4 things many new grads don’t know about student debt

In this May 15, 2016 file photo, students embrace as they arrive for the Rutgers graduation ceremonies in Piscataway, N.J.
In this May 15, 2016 file photo, students embrace as they arrive for the Rutgers graduation ceremonies in Piscataway, N.J. (AP Photo/Mel Evans)

Thousands of graduate students have been walking in front of their classmates and families over the past few weeks to grab their hard-earned diplomas and university degrees. But what used to be a time for cheering, tossing caps and snapping pictures has become a time for fretting, too.

For many, the end of school will be the beginning of the reckoning with student loans. The most recent data available from Statistics Canada show newly minted bachelor grads were carrying an average of more than $26,000 in student debt in 2010 — a load that has likely increased since then. Just like their peers from 10 years ago, the class of 2018-2019 is probably wondering how long it will take to clear the red ink from their personal balance sheet.

The numbers show that only between three and four out 10 will accomplish the feat within three years of finishing their studies.


“It was painful to see how [debt payments] were affecting my budget,” she said.

But Casey, who runs the personal finance blog Money After Graduation, went on to erase her debt in a mere 22 months. She credits her penny-pinching stamina, a well-paying job and a number of side gigs for that — but also a clear understanding of how her student loans worked and how to tackle her debt.

“I encounter a number of myths and misunderstandings about student loans and the repayment process from students that are just finishing up their degree, or in the process of borrowing more money to continue their studies,” Casey wrote in a blog post.


Interest may accrue during your grace period

Most students are aware of a six-month grace period after the end of the academic year, Casey said. But what few realize is while they don’t have to make payments during this time, interest will start to accumulate on all or part of their loans, she added.



Tax breaks can turbocharge your debt repayments

Recent graduates can take advantage of a number of tax breaks that can help them boost their debt repayments, Casey added. For example, you can claim the interest on government student loans as a non-refundable tax credit, which decreases the amount of tax you owe. If you’re not making enough money to owe tax, you can carry the credit forward until you do for up to a maximum of five years. Recent graduates may also be able to take advantage of the tuition tax credit, which works in a similar way.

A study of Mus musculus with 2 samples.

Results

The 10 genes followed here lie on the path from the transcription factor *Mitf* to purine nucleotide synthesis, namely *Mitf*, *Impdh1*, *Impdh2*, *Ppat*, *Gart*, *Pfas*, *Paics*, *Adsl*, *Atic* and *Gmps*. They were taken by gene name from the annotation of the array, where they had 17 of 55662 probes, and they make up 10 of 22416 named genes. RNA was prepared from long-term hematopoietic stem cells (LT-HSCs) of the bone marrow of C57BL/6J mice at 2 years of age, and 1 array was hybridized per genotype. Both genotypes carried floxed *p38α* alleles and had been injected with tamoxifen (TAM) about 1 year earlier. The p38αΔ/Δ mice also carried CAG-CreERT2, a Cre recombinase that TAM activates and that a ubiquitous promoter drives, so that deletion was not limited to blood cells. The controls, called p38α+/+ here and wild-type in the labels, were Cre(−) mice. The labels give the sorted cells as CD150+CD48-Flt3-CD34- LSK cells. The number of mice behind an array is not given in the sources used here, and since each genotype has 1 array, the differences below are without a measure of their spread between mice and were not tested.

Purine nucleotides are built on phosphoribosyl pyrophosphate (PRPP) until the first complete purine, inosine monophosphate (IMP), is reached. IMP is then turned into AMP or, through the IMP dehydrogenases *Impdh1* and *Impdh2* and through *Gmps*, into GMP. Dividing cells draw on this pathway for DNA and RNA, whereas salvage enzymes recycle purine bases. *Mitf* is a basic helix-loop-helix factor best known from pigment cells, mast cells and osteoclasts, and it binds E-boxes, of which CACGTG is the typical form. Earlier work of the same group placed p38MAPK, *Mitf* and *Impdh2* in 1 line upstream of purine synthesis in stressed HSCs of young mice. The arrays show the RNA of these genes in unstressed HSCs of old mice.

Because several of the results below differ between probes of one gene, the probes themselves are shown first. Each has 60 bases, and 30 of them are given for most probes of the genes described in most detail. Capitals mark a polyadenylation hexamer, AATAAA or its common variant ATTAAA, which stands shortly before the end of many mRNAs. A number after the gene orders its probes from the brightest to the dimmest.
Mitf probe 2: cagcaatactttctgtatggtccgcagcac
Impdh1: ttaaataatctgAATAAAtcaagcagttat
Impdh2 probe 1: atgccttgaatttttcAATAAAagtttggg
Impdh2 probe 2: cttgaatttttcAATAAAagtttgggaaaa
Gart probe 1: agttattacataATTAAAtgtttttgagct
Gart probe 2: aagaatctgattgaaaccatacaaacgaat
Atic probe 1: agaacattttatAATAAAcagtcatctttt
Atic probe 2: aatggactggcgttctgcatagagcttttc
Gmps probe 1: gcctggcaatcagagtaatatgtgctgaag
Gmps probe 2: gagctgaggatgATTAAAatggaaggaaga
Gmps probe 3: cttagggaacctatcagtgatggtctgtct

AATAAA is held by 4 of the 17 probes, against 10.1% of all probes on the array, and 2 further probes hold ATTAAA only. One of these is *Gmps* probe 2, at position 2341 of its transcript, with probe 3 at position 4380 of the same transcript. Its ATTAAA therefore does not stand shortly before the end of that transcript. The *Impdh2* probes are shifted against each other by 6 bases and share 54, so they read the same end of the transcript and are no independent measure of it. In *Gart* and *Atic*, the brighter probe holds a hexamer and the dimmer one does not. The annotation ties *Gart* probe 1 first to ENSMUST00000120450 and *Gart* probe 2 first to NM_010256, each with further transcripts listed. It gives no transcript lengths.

Casey said she used both credits to lower to offset her taxes in the first couple of years after finishing her BA.

“I would get a $5,000 tax refund and put that toward my student debt,” she said.


Another issue many graduates aren’t aware of is that consolidating government loans into a line of credit isn’t necessarily a good idea, said Nicholas Hui, a Toronto-area financial planner who focuses on helping young professionals.

Student lines of credit come with interest rates that, on paper, look lower than what the government is charging, Hui said. For example, floating rates on Canada student loans are currently at 6.45 per cent, or prime plus 2.5 per cent. (The prime rate is the benchmark rate Canada’s major banks use to set interest rates on variable loans and lines of credit. It currently sits at 3.95 per cent, according to the Bank of Canada.)

Some financial institutions, by comparison, are offering students lines of credit at prime minus 0.25 per cent, Hui said. But by transferring the debt balance of government student loans into a line of credit or other private loan, students lose the ability to claim interest charges as a tax credit, which may greatly reduce or eliminate the interest-rate advantage of debt consolidation, he added.


On the other hand, government loans are payment and interest-free during school and at least payment-free during the grace period, Hui noted.

Switching to private credit also means giving up on debt repayment assistance, Hui warned. While credit lines have minimum monthly payments — like credit cards — instead of a set repayment schedule, you won’t be able to reduce the amount you owe if you run into financial difficulties. By contrast, through Canada’s Repayment Assistance Plan you can apply to have Ottawa or your provincial government pitch in toward your government student loan balance. Since November 2016, graduates do not have to repay their Canada student loans if they’re making less than $25,000 a year.


Another thing Hui wants you to know: you’re going to need a plan to attack your debt.


The second step is to assess your financial situation: how much money, if any, are you bringing in? How secure are your sources of income? And what are your short- and long-term goals? All of that will affect how you should repay your debt, Hui said.

Casey, for example, noted that while most students opt for a fixed-rate interest on their government loans, it may make sense to opt for a lower variable rate if you know you’re going to have a good job lined up after graduation. This will allow you to repay your debt fast, reducing the risk of a rate increase.

The third step is about reconciling your debt and your circumstances in a budget, which should include — income permitting — automatic payments toward your loans. Hui recommends adopting like an aggressive approach toward debt repayment.

“Treat it like a challenge,” he said. “Think about bragging rights.”


Finally, think about paying off your school debt as a trial run for adulting.

“It’s training for the rest of your financial life,” Hui said.